Grain Valley Resident Pleads Guilty in Federal Case

| November 9, 2013 | 8:43 am

Carter is subject to a sentence of up to five years in federal prison without parole, plus a fine up to $250,000, on each of the five counts. A sentencing hearing will be scheduled at a later time.

Press Release from the Office of United States Attorney Tammy Dickinson

KANSAS CITY, Mo. – Tammy Dickinson, United States Attorney for the Western District of Missouri, announced today that a Grain Valley, Mo., man who previously operated a payroll services company has pleaded guilty in federal court to failing to pay employment taxes on behalf of his clients, and instead stealing those funds for himself.

Geoffrey Scott Carter, 42, of Grain Valley, waived his right to a grand jury and pleaded guilty before U.S. District Judge Howard F. Sachs on Tuesday, Nov. 5, 2013, to a federal information that charges him with five counts of failure to account for and pay over employment taxes.

Carter admitted that he collected $82,580 in employment taxes from five small business clients, which he was supposed to submit to the IRS. Instead, Carter kept the money for his own personal use.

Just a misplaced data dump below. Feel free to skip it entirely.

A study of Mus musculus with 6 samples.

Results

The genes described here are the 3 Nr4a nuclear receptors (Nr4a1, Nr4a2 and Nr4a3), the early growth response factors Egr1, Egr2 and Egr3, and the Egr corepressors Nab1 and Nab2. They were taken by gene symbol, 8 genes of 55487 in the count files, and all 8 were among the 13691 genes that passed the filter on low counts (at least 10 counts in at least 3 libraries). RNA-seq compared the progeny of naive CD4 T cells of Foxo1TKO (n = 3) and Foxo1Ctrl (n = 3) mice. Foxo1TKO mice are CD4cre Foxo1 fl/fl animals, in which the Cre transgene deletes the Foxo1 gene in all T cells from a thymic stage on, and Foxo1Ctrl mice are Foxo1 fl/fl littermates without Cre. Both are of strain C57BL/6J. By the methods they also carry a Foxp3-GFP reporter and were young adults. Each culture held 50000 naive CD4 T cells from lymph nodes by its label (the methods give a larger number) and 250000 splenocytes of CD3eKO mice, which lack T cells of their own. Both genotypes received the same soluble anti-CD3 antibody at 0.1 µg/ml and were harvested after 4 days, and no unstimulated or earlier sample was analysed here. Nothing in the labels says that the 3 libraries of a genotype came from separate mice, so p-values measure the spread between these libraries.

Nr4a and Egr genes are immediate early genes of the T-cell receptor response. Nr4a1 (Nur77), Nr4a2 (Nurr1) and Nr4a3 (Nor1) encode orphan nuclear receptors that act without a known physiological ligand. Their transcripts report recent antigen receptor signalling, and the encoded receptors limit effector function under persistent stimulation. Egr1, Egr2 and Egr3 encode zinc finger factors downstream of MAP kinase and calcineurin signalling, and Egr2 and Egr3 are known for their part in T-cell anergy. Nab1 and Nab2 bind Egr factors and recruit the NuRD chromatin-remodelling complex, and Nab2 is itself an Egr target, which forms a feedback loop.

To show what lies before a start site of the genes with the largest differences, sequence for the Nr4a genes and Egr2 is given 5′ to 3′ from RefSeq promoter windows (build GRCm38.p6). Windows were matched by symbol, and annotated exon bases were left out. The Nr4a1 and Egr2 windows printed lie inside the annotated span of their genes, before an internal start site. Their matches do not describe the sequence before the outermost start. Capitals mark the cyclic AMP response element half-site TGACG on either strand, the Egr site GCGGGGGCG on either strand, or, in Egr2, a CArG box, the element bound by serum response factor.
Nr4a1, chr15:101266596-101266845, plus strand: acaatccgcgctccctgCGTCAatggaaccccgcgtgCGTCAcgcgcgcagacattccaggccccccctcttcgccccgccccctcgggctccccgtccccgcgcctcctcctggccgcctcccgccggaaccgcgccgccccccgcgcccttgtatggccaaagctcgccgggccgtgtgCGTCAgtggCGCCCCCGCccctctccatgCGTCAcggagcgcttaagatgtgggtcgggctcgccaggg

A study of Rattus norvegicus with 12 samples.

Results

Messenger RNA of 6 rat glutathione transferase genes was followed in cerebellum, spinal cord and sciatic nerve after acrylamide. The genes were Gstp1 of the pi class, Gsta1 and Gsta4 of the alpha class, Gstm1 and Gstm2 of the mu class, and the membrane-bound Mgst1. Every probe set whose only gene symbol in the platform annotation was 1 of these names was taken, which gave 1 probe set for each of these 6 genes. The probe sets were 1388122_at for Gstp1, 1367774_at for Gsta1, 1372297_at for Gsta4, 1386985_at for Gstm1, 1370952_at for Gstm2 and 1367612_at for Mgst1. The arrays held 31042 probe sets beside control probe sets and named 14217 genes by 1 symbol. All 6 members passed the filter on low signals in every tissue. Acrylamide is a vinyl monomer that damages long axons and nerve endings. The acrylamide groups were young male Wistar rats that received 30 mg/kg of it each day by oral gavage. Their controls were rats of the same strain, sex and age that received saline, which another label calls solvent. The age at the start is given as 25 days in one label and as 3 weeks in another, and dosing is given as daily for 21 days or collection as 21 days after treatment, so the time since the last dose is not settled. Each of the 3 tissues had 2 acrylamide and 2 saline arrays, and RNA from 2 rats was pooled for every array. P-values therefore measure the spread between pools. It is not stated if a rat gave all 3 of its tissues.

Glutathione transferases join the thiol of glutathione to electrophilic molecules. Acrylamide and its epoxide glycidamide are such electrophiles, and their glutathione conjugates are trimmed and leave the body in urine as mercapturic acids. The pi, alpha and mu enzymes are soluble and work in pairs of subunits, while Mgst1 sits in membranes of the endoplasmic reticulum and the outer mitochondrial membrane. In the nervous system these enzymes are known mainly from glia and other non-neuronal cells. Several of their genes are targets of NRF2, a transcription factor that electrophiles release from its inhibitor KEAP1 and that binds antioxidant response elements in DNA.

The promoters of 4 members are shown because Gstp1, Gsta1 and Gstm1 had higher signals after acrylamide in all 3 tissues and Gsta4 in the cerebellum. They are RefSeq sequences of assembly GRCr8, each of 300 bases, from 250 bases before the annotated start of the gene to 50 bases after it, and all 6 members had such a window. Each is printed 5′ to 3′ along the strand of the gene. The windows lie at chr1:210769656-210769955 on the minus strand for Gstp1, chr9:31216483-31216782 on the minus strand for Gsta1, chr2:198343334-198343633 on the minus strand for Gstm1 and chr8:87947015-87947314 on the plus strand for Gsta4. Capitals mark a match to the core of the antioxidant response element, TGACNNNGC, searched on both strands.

Carter began operating his own business, known as Carter’s Tax Service, in 2001. In the early years, Carter only prepared income tax returns, but starting in 2005 he also began providing payroll services to his small business customers. In 2008 he began only providing payroll services.

The services Carter provided to his clients included preparing and filing Forms 940 and 941 and cutting payroll checks for his clients’ employees. In order to perform these services, Carter was given access to his clients’ bank accounts. To pay his clients’ employment taxes, Carter transferred money from their accounts into his Carter’s Tax Service business bank account, where he commingled the funds, and then submitted the appropriate Forms 940 and 941 to the IRS. He was supposed to submit the payment due along with the Forms 940 and 941.

From 2007 through 2010, Carter deducted and collected from the bank accounts of his clients a total of $82,580 in federal employment taxes, which he failed to pay to the IRS but instead kept and used for personal purposes.

Under federal statutes, Carter is subject to a sentence of up to five years in federal prison without parole, plus a fine up to $250,000 and an order of restitution, on each of the five counts. A sentencing hearing will be scheduled after the completion of a presentence investigation by the United States Probation Office.

This case is being prosecuted by Assistant U.S. Attorney Linda Parker Marshall. It was investigated by IRS-Criminal Investigation.